Interactions with police can be scary for the general public, even when the encounter is a simple routine traffic stop. When these interactions are caught on video, this footage can serve as important evidence for the accused when they are fighting criminal charges. Many people, however, question whether using their phones to record law enforcement during an interaction is even allowed under the law.

In general, it is perfectly legal to film police officers during an interaction. Because the United States Constitution has been interpreted over and over as protecting the right to take photographs and video in public, as being able to do so is a critical check on government power. That being said, there are certain circumstances that are the exception to this general rule that you should know. Some overzealous officers may overreact when being filmed while performing their duties in public, which can lead to all sorts of civil rights violations including unlawful detainments, harassment, and even excessive use of force. 

Photographing and Videotaping the Police

It is important to know that as long as certain factors are met, you are typically well within your rights (and the law) to take photographs of law enforcement. These factors include:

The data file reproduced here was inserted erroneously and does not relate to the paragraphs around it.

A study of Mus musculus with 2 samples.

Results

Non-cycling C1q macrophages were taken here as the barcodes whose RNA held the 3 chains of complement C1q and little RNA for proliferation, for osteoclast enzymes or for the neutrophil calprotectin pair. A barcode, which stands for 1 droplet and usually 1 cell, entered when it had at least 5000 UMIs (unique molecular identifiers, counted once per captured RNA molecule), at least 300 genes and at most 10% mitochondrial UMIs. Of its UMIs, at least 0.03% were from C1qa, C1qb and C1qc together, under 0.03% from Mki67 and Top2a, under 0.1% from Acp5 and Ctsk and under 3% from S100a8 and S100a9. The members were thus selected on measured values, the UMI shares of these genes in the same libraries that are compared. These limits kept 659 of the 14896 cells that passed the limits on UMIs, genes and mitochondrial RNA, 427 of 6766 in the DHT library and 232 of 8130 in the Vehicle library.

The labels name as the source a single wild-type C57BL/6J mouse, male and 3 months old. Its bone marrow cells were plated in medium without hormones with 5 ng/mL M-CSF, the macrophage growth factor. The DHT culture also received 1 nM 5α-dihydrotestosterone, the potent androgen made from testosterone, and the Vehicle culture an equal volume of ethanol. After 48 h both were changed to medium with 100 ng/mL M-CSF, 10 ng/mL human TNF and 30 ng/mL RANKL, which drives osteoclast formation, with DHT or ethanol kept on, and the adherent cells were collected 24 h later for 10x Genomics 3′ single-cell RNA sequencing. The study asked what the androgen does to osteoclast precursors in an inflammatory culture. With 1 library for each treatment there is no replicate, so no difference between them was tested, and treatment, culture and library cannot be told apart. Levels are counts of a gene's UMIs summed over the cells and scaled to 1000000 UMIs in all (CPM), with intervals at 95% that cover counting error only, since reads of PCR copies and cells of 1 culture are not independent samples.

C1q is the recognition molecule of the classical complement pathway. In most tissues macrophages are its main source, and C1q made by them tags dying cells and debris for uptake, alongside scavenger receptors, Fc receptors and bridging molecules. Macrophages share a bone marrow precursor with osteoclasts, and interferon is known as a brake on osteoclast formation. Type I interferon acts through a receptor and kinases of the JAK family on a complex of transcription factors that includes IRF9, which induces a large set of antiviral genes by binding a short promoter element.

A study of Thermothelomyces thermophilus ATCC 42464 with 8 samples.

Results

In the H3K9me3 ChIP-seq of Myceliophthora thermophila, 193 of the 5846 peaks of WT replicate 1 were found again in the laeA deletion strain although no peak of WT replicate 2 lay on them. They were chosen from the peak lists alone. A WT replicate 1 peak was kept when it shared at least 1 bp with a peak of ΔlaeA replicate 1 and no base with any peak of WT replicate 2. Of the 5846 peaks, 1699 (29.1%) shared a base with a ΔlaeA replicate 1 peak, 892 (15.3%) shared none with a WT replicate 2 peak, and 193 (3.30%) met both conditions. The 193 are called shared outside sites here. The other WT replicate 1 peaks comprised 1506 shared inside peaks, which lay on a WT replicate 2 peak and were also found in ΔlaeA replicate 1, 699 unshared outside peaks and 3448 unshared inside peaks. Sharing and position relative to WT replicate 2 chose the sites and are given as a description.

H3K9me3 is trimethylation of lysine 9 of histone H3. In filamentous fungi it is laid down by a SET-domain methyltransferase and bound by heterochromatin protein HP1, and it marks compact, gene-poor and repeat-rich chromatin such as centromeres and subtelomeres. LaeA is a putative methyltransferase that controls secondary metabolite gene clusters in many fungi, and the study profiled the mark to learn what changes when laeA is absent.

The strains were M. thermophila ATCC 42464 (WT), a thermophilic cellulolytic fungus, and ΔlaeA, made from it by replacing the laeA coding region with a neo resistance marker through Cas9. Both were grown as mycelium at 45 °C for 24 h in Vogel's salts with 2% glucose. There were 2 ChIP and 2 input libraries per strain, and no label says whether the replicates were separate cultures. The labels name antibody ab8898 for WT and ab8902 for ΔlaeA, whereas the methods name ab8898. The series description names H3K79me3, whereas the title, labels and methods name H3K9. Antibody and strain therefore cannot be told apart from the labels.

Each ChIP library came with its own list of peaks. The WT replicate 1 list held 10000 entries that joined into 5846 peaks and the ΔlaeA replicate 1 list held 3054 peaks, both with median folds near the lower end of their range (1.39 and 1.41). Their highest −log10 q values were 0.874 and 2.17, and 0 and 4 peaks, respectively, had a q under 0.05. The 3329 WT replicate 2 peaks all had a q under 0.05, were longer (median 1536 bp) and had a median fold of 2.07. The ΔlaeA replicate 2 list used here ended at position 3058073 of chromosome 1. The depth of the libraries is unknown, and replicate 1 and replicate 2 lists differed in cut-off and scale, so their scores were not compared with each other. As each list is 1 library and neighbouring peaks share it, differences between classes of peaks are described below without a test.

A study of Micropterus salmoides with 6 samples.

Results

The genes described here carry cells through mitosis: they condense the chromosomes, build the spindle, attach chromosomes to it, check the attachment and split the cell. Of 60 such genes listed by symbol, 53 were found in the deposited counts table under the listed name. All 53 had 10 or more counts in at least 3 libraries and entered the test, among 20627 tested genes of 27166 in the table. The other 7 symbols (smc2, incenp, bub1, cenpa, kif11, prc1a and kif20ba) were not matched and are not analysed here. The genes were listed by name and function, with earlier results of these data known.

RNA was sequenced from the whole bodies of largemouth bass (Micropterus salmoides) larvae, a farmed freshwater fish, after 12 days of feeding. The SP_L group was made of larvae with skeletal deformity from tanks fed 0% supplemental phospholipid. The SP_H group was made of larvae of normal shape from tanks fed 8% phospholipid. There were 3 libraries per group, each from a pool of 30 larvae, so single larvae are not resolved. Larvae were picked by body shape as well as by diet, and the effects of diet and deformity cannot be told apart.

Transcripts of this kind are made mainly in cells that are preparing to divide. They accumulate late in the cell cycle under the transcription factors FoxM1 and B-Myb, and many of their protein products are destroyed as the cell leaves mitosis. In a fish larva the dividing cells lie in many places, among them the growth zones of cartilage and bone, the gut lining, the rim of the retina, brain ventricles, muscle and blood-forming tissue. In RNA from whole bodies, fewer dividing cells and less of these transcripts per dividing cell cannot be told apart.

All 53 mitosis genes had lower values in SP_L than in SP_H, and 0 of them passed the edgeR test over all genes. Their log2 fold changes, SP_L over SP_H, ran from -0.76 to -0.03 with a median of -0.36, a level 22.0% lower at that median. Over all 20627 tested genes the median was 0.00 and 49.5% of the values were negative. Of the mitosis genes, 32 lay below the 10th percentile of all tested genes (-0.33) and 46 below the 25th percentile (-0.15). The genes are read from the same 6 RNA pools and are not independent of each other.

• Being located in a public space;
  • Being in that space lawfully;
  • Not directly interfering with the police.

If the event is happening on public property, then it is up to that property owner or manager to allow–or not allow–you to remain present on the premises. You are generally ok to remain and photograph if you are on your own property.

Video recording law enforcement is also usually allowed under the law. One crucial exception, however, is the actual recording of sound. This is because, under Nevada’s wiretapping laws,  there must be consent of at least one party to a conversation in order for it to be lawfully recorded. Therefore, if you are located on private property, you will need consent from someone who is engaging in private conversation. This requirement is waived, however, in circumstances in which the communication is considered public. When a person is being arrested or detained in a public place by law enforcement, this is not considered a private conversation. Consequently, when police are performing their public and official duties in a public setting, you are generally allowed to record the incident.

What to Do if Confronted by Police

If a law enforcement officer confronts you or demands that you stop photographing or recording them in their official duties, do not get aggressive. Instead,  politely and respectfully respond by stating that you have a right to record public officials performing their duties. If the officer persists or makes you feel like you will be detained, then you should ask “Am I free to leave?” Doing so will force the officer to decide whether to arrest you or not. Keep in mind that in order to be detained by law enforcement, they must have a reasonable suspicion that you have committed a crime. Many unlawful arrests occur on a daily basis because officers do not stay within the limits of their power.